Labour Studies Index

Updated: 2020-03-01

The State, Organised Labour, and Wage Controls in Canada

Document type Thesis
Author Kraft, Allan David
Degree M.A., Sociology
Publisher McMaster University; Hamilton, Ont.
Date 1982
Pages vii, 354 pages
URL https://macsphere.mcmaster.ca/handle/11375/10510

Abstract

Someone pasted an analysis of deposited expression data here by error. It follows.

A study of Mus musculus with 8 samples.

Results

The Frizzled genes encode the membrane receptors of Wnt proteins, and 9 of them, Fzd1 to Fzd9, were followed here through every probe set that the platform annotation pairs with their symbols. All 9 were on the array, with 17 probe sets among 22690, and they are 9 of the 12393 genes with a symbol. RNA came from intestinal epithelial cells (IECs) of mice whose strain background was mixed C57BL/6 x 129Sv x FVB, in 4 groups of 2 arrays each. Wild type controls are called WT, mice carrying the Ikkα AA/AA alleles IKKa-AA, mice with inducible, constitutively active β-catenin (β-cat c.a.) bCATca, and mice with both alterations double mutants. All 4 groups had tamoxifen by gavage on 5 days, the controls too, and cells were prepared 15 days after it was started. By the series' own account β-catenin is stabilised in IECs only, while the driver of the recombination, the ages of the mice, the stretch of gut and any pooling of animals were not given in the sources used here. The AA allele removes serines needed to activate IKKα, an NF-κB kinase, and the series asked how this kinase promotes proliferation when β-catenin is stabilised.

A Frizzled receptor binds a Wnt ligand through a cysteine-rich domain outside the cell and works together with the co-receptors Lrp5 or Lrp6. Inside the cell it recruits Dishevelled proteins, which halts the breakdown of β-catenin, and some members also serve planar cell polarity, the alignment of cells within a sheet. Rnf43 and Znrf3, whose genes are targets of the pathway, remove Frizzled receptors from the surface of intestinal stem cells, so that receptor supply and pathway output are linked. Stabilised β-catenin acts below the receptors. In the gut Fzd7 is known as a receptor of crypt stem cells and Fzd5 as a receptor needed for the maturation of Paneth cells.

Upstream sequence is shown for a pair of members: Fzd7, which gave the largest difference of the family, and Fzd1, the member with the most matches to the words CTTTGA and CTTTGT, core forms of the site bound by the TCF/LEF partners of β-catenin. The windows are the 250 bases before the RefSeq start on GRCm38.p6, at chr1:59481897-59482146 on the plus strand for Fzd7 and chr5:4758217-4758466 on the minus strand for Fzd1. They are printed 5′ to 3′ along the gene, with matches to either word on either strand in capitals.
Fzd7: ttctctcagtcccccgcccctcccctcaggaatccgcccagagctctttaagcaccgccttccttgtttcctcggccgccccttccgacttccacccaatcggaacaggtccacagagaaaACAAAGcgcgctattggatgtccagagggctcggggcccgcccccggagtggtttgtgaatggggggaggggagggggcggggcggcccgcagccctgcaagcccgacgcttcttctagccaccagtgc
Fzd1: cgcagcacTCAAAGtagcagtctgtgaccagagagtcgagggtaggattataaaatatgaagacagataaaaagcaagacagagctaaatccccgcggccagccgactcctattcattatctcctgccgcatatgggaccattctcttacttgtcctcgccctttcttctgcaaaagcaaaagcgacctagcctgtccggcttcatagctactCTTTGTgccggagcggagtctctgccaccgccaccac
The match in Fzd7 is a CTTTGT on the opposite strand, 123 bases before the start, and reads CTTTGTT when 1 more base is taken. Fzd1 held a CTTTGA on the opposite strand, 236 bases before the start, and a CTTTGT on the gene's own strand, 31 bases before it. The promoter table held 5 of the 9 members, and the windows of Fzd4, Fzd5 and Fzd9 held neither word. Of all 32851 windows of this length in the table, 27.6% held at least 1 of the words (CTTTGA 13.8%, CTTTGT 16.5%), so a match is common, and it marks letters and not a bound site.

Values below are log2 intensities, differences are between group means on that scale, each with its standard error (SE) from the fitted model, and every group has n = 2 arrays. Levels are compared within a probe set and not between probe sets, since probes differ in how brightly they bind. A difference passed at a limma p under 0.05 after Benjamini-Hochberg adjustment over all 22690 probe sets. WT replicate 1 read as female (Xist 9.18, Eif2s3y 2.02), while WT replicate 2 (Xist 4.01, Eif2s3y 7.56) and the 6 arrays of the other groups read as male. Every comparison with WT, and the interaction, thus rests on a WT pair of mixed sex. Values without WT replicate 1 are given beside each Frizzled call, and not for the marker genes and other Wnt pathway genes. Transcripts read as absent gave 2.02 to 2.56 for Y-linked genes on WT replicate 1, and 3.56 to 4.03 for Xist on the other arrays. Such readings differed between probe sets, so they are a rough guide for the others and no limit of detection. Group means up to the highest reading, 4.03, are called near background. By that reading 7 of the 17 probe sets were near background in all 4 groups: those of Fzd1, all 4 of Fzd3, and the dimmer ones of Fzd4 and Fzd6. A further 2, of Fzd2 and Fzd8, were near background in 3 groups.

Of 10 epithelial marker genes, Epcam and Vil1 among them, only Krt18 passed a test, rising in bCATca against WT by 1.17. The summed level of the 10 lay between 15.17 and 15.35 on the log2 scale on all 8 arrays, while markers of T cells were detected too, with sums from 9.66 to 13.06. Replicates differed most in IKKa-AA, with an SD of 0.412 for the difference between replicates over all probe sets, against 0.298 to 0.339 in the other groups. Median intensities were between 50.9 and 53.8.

The focus of this thesis is the Liberal government's program of mandatory wage and price controls introduced on October 14, 1975. Beginning with a brief discussion of the marxist theory of the state, the thesis examines prior experiences with wage restraint programs, the evolution of post-war industrial relations, and the emergence of symptoms of economic crisis toward the end of the 1960's. Thereafter it considers the progress of state efforts to introduce wage/ price restraint, the social forces which shaped the pattern of state intervention, the actual operations of the Anti-Inflation Board, and the character of organised labour's opposition to compulsory controls. The thesis argues that state intervention into the sphere of wage bargaining is one concrete example of the deeper contradictions which lie at the basis of the state structure. With the end of the long boom of post-war expansion, the underlying tendencies toward a crisis of capital accumulation became manifest. The deteriorating effectiveness of established techniques of economic management, and the failure of the Liberal government to develop a coherent program of capitalist planning set the immediate context for the program of wage and price controls. The objective of controls was to restrict the rate of wage increases, thereby easing the downward trend in profit levels and relaxing the fiscal crisis of the state. The record of the Anti-Inflation Board revealed two general characteristics of the current economic and social crisis. First, the capitalist state is virtually powerless to exercise any influence over the long term pattern of inflation and slump. At the present stage of capitalism, attempts to plan economic development simply exacerbate the inherent anarchy of capitalist production. Second, the weakness of organised labour's opposition to controls indicates the urgent necessity for a restructuring of the economic and political organisation of the working class in order to defend the economic and social gains of the postwar period.